If you missed Google’s big announcements yesterday morning, well … you missed Google making some big moves. If there was a theme that encompassed all of the hardware and software news coming from the event, it was: control. The question is: Is Google giving you more control, or is that posturing just a guise for Google controlling you? Before we get to that, let’s back up a second and recap the goodies Google showed.
None of the hardware came as much of a surprise; we got the Pixel phones we expected — with some serious specs and a convincing camera – the new $70 4K Chromecast Ultra streaming dongle — with a hard-line Ethernet connection (thanks Google) – Google Home — which is very clearly a swipe at Amazon’s Alexa-armed speakers – and Daydream, a super-comfy evolution of Google’s cardboard VR headset.
What came as more of a surprise, however, was that all of the devices are integrated, tied together with Google’s software, cloud services and, most notably, artificial intelligence. Yes, it’s AI that really makes all of Google’s new devices intriguing. The Google Home speaker, for instance, can answer all kinds of questions Amazon’s Alexa can’t. Plus, it will let you control Chromecast devices throughout your home.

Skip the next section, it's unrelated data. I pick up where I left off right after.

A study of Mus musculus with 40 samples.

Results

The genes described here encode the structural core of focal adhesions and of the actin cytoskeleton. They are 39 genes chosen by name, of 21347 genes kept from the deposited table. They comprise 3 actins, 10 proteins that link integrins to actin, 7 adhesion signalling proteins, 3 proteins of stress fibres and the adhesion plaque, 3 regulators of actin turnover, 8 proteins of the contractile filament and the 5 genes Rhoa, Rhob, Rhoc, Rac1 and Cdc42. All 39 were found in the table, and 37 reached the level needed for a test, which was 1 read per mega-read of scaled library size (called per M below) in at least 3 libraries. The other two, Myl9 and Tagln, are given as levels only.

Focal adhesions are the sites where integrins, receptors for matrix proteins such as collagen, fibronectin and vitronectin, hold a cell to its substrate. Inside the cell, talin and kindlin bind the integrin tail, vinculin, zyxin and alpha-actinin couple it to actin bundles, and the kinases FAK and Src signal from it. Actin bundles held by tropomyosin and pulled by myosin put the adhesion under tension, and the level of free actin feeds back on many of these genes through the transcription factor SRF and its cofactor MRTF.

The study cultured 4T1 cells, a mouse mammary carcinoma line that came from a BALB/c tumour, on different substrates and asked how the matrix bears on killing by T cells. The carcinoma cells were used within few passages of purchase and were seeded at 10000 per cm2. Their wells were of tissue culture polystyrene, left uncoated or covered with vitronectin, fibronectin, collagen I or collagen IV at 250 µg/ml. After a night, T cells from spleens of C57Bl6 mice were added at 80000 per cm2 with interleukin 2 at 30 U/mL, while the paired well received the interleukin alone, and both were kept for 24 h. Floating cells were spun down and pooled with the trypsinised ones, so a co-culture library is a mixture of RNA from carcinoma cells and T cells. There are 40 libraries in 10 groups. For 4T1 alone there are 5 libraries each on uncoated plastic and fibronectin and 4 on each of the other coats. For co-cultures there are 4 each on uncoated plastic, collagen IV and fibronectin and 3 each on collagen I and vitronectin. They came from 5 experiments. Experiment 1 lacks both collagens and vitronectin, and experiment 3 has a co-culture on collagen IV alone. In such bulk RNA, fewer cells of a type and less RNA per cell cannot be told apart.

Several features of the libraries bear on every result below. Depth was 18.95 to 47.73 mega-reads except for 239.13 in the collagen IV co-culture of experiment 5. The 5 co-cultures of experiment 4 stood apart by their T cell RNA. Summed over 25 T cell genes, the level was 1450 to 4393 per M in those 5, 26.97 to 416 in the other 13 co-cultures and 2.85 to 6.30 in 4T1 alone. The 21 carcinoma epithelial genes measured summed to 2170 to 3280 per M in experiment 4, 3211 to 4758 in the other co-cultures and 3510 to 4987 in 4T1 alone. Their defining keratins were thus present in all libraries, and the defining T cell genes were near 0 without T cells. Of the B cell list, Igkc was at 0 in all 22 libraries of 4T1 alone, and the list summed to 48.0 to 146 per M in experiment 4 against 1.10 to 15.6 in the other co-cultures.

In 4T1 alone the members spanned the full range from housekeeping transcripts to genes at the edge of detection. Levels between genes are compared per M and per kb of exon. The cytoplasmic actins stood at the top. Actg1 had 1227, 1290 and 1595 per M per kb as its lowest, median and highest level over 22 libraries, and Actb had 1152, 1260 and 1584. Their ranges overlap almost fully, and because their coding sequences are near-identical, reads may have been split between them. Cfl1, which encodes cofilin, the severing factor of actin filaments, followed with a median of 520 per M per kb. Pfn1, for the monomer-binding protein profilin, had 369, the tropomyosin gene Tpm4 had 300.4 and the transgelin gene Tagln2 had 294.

And given that Google is known for keeping its architecture open, and developers are used to using it, you can bet it will be able to control your smart thermostats, door locks, and other connected home devices very soon. More important is the idea that there’s such a thing as your Google. The more you use Google to help you get places, schedule appointments, set reminders, and fetch information, the more Google can proactively assist you and just you.
If you’re thinking this all sounds a little more scary than it does exciting, you’re not alone. DT’s Andy Boxall has some interesting observations and prognostications to share in a pointed Op-Ed on Digital Trends.